America’s oldest teacher turns 99, refuses to retire

Nadine Kalinauskas
Good News

Her students call her "Granny." She doesn't mind.

Agnes Zhelesnik, America's oldest teacher, just turned 99 — and she has no plans to retire.

Staff, students and family recently celebrated the milestone at The Sundance School in New Jersey where Zhelesnik teaches classes on cooking, sewing and costume-making.

“This party is not just to celebrate a birthday. We are honouring the life of an incredible woman," said Kaysie Norman, the Head of Marketing and Events for Sundance. "Granny represents everything that Sundance is all about: happiness, commitment, creativity and so much love. Granny comes to work every single day with a smile on her face. She knows everyone’s name. She never has a complaint and you’ll never see her sitting down. She also has no plans to retire. She’s a true inspiration in every sense of the word."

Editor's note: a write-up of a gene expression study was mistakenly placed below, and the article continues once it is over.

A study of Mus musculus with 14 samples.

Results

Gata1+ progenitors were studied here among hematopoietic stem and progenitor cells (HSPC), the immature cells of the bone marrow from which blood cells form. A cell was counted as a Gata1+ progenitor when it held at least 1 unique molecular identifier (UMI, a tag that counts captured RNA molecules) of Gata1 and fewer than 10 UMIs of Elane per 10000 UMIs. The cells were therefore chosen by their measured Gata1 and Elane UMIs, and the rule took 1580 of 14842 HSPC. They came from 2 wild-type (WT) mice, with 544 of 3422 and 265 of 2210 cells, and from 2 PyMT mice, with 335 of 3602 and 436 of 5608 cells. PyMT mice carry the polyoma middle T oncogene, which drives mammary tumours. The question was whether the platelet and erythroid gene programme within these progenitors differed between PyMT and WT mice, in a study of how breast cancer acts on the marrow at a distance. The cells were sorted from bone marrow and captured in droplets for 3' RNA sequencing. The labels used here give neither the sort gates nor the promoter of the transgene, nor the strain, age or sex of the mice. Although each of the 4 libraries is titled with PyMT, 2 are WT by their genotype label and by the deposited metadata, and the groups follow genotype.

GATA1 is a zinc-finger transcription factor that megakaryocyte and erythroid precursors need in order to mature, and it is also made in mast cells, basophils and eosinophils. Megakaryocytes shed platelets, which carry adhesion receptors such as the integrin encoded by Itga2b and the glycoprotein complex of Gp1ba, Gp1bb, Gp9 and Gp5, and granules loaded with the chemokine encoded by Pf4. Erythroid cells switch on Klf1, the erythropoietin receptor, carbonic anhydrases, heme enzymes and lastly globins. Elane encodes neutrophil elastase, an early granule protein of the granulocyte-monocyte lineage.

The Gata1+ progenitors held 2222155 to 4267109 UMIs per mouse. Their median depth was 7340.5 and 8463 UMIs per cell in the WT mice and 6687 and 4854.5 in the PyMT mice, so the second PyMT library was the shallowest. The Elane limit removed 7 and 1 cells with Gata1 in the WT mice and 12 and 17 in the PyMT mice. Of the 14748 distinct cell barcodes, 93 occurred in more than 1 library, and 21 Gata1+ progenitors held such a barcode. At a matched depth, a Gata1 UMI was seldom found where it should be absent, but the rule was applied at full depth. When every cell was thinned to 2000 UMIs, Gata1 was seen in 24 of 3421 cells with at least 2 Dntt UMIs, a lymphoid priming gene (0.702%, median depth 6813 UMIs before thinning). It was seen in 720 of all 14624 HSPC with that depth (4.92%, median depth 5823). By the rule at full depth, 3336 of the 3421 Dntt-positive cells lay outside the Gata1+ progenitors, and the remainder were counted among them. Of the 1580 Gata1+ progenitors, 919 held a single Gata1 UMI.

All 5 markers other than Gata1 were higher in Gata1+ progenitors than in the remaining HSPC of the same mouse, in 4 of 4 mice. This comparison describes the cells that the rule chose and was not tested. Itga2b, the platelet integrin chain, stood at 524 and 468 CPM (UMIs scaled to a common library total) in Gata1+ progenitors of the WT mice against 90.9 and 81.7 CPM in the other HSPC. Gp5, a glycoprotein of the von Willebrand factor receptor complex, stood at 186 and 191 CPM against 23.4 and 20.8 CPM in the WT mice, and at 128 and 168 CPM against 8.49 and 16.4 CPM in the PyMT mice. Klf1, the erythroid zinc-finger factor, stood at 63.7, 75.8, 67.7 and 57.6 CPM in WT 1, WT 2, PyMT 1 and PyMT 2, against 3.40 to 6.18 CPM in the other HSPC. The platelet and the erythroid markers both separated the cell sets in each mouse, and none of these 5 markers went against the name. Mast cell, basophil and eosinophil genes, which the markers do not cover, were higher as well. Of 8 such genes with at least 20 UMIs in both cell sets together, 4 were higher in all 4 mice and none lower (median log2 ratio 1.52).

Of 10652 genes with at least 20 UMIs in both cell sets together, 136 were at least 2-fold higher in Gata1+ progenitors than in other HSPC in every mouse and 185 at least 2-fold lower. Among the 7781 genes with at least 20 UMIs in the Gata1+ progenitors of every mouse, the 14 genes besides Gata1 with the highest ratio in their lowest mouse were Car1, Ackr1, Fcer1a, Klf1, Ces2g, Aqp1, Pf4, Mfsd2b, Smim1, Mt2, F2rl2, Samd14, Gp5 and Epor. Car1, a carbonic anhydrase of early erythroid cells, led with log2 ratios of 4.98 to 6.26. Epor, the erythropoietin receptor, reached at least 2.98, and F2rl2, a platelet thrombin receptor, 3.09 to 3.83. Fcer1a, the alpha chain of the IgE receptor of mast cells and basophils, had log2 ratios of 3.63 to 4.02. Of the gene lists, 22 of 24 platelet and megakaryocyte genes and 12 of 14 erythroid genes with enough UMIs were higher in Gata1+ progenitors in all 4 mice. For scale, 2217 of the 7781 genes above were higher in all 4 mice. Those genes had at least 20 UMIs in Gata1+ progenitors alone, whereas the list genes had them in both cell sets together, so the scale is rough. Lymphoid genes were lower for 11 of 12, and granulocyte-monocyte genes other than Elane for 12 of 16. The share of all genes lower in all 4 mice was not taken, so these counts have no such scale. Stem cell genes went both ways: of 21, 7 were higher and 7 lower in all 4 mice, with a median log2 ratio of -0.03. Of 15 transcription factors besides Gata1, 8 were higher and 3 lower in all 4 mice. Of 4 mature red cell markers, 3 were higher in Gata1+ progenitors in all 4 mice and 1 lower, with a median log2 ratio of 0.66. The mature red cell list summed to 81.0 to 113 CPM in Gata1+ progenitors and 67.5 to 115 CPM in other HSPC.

Zhelesnik may be 99, but she's only been teaching since 1996. After spending 60 years at home as a wife and mother, Zhelesnik took up part-time teaching at the age of 81 after her husband passed away.

She now teaches full-time, every day.

"I love them. They're my best helpers. That's the only reason why I come here, is the children," Zhelesnik told CNN.

Zhelesnik, an energetic great-grandmother who still gets around without the use of a cane, works at the same school where her daughter, also named Agnes, teaches.

When asked how long she'll continue teaching, Zhelesnik answered, "Till I'm 100. I feel good enough."

And her longevity secret?

"It's the children. The children are the greatest," she said. "You know, you have your own, but when it’s these kids, they’re just something else."